Adolf Eichmann on trial in Jerusalem 521.
(photo credit: JOHN MILLI / GPO)
The German Federal Administrative Court vetoed a bid to release classified
foreign intelligence documents that would reveal Western spies knew where Nazi
war criminal Adolf Eichmann escaped to after World War II, British media
reported on Friday.
The documents are also thought to contain details
about Eichmann’s kidnapping in Argentina by Mossad agents in 1960, as well as
about possible collaboration between Israel and West Germany in the
Eichmann coordinated the deportation of Jews from across
Europe to the Nazi extermination camps.
After he was brought to Israel,
he was put on trial and found guilty of war crimes. He was sentenced to death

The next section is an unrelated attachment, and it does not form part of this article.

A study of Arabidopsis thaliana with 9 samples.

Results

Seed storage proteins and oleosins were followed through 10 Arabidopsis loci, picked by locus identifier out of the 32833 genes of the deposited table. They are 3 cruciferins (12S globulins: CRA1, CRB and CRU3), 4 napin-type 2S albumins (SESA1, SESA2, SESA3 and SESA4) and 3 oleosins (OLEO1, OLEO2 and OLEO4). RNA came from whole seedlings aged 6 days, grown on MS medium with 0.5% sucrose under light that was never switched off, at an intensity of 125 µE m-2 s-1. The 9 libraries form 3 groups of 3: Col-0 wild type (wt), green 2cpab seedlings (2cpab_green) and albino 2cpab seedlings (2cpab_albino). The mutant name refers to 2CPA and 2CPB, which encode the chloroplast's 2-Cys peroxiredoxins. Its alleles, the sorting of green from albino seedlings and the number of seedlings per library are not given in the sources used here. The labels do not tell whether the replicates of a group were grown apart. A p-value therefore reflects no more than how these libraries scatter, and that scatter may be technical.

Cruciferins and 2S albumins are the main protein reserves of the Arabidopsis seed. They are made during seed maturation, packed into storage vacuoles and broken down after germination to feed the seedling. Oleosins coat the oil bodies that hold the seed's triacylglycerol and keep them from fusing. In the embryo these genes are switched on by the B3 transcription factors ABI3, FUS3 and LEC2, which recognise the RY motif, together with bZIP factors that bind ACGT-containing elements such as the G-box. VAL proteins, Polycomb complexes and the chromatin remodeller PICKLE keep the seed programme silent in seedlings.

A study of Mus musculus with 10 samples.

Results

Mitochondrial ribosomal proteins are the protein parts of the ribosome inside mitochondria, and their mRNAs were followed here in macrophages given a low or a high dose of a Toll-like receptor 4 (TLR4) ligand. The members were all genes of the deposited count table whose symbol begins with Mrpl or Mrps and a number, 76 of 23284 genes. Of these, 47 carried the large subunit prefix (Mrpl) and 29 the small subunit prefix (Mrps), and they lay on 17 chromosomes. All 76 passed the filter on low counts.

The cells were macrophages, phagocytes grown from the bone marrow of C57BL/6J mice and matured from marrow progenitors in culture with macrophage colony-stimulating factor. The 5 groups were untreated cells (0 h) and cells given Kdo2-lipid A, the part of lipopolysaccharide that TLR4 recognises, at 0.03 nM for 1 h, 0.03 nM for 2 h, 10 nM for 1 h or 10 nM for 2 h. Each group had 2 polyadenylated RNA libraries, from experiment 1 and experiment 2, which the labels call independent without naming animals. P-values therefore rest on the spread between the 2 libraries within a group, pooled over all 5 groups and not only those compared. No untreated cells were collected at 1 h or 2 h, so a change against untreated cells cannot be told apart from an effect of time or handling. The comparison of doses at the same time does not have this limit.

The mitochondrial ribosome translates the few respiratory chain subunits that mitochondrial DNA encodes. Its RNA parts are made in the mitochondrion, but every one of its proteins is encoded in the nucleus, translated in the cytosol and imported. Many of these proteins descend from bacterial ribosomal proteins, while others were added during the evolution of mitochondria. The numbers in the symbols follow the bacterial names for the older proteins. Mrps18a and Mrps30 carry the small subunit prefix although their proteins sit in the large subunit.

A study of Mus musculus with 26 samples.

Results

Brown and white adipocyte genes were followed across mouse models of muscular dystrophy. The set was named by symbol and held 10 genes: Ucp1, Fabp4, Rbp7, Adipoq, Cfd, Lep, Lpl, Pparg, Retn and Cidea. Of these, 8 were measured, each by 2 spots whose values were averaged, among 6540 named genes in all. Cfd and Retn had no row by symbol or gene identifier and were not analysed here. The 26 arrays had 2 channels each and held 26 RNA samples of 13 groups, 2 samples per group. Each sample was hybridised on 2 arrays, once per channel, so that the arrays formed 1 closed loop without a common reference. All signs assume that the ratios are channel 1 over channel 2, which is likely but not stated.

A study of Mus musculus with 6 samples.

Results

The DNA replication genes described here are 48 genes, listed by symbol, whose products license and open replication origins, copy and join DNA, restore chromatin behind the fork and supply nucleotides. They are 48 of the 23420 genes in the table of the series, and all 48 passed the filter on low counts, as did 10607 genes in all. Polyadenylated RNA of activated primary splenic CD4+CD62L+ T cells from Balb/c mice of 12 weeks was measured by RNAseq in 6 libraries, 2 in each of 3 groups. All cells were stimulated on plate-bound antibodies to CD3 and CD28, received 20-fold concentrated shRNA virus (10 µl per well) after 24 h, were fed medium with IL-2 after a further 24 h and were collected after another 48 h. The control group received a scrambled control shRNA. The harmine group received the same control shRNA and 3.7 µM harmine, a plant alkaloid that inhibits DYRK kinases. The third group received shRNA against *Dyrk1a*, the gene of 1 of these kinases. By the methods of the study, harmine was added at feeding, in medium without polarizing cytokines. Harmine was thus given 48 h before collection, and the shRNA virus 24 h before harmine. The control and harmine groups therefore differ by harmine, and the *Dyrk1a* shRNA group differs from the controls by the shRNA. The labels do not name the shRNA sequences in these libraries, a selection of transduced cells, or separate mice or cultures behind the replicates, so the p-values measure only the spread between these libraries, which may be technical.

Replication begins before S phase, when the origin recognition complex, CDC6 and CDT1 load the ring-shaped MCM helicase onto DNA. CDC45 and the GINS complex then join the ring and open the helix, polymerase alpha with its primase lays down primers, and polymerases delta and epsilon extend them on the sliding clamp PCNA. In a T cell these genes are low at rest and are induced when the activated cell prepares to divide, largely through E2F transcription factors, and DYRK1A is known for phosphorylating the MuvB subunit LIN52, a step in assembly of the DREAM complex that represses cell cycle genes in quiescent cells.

and hanged in 1962 – the sole execution in the State of Israel’s
The German court determined the foreign intelligence agency was
within its rights to black out passages from the documents, that were requested
by German daily Bild
. The ruling followed a decision last year in which the
court ordered the Federal Intelligence Service to release classified
reported that West German intelligence knew Eichmann was
in Argentina as early as 1952.
The CIA wrote to its West German
counterpart in 1958 that it had information that Eichmann had lived in Argentina
under the alias “Clemens” since 1952, documents released in 2006 revealed.
Eichmann’s actual alias was Ricardo Klement.
The German intelligence
service said in response to the request to release the documents that most of
the files on Eichmann were already public and only a small portion was blacked
out due to laws on “protecting state security interests.”